Natural disasters can be some of the most devastating and debilitating occurrences when it comes to damages. Even acts committed by human beings pale in comparison to the damage caused by massive storms.
Hurricane Harvey has caused unprecedented flooding and is the first major hurricane to make landfall in the US since 2005’s Wilma. This ends the streak of over a decade without hurricanes. The tropical cyclone dumped more than forty-inches of rain on various areas in a four-day period.
Harvey is breaking all the wrong kinds of records, doing more harm than storms before it. To date, Harvey is the wettest tropical cyclone the contiguous U.S. has ever seen. The terrifying storm displaced over 30,000 people, with 13,000 rescues already taking place and efforts continuing as the freak storm continues to make life hard.
It is estimated that the storm will cost about $160 billion, making it the most expensive natural disaster in U.S. history. This is the eighth named storm, and the third hurricane of the 2017 Atlantic hurricane season. It marks the season’s first major hurricane, and the mammoth storm began as a tropical wave near the Lesser Antilles.
The storm initially lost momentum and began to dissipate due to wind shear. It had degenerated back to a tropical wave by August 19th. The remains continued west and northwest across the Caribbean before developing once more over the Bay of Campeche four days later.
Within 24-hours, the storm had gained significant power and achieved hurricane status. The stop-start nature of the storm continued as its intensification period stalled slightly during the night. By the next day, however, Harvey was a Category 4 hurricane that made landfall near Rockport, Texas.
The disaster is the worst in the state’s history, with some saying it could take years to fully recover from. Rescue efforts and recovery packages continue to materialize, but Harvey is unlike anything seen before. The storm’s cost is about equal to the combined costs of Hurricane Katrina and Sandy. It also represents a 0.8% ding to gross national product.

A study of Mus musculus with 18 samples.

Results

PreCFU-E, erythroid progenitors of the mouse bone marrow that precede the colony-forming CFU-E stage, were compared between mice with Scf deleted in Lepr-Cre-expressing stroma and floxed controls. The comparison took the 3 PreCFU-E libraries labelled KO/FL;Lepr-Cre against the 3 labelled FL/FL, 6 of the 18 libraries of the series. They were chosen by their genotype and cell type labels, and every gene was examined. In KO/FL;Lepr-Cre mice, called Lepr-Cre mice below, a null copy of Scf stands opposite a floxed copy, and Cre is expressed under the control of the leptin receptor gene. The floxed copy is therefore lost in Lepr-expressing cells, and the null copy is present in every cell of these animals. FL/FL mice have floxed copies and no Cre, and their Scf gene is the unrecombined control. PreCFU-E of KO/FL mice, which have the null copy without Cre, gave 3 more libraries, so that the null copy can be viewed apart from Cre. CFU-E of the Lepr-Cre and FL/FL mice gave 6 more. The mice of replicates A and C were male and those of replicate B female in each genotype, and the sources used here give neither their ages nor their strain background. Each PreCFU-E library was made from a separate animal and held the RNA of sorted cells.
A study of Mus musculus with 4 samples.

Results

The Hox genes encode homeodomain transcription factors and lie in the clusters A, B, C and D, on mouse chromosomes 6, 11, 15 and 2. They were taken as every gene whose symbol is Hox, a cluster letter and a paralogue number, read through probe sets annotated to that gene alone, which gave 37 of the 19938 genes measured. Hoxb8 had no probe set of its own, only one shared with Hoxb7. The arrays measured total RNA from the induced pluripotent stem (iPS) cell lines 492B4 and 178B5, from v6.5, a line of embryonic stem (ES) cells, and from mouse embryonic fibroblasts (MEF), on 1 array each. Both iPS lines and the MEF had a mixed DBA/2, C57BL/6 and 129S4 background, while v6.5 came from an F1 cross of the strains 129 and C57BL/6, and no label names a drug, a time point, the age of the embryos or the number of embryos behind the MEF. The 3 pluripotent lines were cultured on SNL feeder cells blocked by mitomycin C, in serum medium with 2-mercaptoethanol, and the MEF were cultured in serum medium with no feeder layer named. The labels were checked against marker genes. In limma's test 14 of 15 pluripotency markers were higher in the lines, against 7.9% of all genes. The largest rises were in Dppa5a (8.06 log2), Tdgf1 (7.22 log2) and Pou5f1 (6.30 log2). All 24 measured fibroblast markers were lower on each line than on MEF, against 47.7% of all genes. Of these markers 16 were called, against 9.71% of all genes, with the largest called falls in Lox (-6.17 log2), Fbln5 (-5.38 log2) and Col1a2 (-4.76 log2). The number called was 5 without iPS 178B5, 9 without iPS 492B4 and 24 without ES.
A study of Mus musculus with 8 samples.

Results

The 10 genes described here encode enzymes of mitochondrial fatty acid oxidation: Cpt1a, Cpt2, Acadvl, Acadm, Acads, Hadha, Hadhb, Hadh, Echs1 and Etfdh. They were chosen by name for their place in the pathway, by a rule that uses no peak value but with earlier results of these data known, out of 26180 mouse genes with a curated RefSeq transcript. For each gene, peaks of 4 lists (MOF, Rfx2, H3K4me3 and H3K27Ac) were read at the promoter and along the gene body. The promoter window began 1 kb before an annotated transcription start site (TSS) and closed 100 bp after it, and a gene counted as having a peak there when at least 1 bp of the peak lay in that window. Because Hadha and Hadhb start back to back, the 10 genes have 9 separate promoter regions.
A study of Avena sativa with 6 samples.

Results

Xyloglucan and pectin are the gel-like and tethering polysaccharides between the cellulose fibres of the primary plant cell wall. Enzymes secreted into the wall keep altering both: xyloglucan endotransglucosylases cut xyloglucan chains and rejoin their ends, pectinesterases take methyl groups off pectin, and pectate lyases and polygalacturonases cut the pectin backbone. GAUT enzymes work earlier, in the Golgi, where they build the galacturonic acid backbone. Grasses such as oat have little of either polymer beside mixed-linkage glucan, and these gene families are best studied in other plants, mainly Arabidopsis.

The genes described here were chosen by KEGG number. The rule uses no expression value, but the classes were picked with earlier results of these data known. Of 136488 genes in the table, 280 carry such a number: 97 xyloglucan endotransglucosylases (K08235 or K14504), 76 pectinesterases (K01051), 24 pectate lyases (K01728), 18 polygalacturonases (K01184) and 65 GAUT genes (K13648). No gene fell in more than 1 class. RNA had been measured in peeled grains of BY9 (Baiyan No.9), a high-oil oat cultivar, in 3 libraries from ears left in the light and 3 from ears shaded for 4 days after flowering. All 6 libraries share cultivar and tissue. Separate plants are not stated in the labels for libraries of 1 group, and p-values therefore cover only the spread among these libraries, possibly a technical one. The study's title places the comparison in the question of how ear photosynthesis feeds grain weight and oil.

Parts of the state will be uninhabitable for weeks, and even months in some cases. High water remains, and with it comes sanitation concerns. The storm’s total damages may not be over, as it is expected to continue sending rain down on the area for several days. The strong winds may even cause a few tornadoes in the surrounding locations.
Sadly, Harvey led to more than property damage. Unlike property, human lives cannot be recovered. The storm caused over two dozen deaths, with all but one taking place in the United States.
The last Category 4 hurricane was Nicole in 2016. Before that, it was Joaquin in 2015 and Gonzalo in 2014. 2011 saw two storms of equal power, with 2010 having a staggering four storms in this category.
The placement and power of Harvey devastated the areas it impacted, but rescuers continue to work hard around the clock. As recovery efforts progress, more will be discovered about the storm’s overall impact.